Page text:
Legislators and educators called on the government to make English the nation’s second language, with recommendations to allocate money from the Cabinet’s Forward-looking Infrastructure Development Plan to achieve the objective.
Taiwan has to improve its English-language proficiency because it is the common language of international trade and commerce, and on a regional level it could facilitate the nation’s drive to forge partnerships with Southeast Asian countries under the government’s “new southbound policy,” Democratic Progressive Party (DPP) Legislator Liu Shih-fang (劉世芳) said at public hearing on Friday, promoting the use of English throughout the nation’s private and public sectors.
The proposal for English to be included in the Ministry of Culture’s “national language development bill,” is to be taken into consideration along with a focus on promoting Hoklo (commonly known as Taiwanese), Hakka and Aboriginal languages, the ministry said.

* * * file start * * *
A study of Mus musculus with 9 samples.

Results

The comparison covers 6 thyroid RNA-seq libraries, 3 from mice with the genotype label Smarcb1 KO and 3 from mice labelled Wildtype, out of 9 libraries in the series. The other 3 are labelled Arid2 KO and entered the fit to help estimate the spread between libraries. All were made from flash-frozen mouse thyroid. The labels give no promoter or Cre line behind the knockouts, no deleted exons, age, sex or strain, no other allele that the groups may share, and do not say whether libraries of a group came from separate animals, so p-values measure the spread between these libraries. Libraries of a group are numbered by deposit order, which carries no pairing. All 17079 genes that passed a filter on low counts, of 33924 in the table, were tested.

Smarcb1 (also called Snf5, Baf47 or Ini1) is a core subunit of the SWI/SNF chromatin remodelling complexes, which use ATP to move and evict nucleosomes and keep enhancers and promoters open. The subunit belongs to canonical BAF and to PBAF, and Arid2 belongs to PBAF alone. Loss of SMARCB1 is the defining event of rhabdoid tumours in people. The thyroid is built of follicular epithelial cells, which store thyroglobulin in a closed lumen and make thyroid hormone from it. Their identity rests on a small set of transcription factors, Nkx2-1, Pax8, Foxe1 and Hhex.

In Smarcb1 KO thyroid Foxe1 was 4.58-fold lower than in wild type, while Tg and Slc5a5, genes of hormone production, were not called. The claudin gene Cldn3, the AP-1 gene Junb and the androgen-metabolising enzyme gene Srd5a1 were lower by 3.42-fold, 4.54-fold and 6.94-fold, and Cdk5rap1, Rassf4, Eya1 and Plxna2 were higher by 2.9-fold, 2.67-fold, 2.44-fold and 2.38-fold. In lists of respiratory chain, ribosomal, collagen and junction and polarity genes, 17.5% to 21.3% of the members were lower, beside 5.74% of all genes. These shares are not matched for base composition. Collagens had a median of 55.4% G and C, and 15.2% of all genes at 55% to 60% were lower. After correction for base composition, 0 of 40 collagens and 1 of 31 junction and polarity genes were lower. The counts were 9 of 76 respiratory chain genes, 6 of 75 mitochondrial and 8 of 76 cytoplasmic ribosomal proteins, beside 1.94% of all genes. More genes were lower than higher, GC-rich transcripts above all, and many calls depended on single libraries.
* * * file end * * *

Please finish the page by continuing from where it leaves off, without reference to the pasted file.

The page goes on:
Participants at the hearing also made suggestions for implementing bilingual education programs for children to require civil servants to pass spoken English proficiency tests and to change the way English is taught, by emphasizing listening and speaking rather than the pedagogical fixation on grammar and sentence construction.
“We have more people speaking and writing messages in Mandarin Chinese, Taiwanese, Hakka and English [via Line and other social messaging apps] with all the different languages all mixed together,” Liu said.
“As long as people can understand each other, there is no need to get worked up about grammar and correct sentence structure,” he added.
DPP Legislator Chiu Chih-wei (邱志偉) said he would request for the Ministry of Education and the National Development Council to implement programs under the Forward-looking Infrastructure Development Plan to teach foreign languages in the public education system and create friendly environments to promote the use of English at city and county levels.
Liu and Chiu suggested a 20-year national plan for Taiwanese to speak English as a second language, using the examples set by Singapore and Malaysia.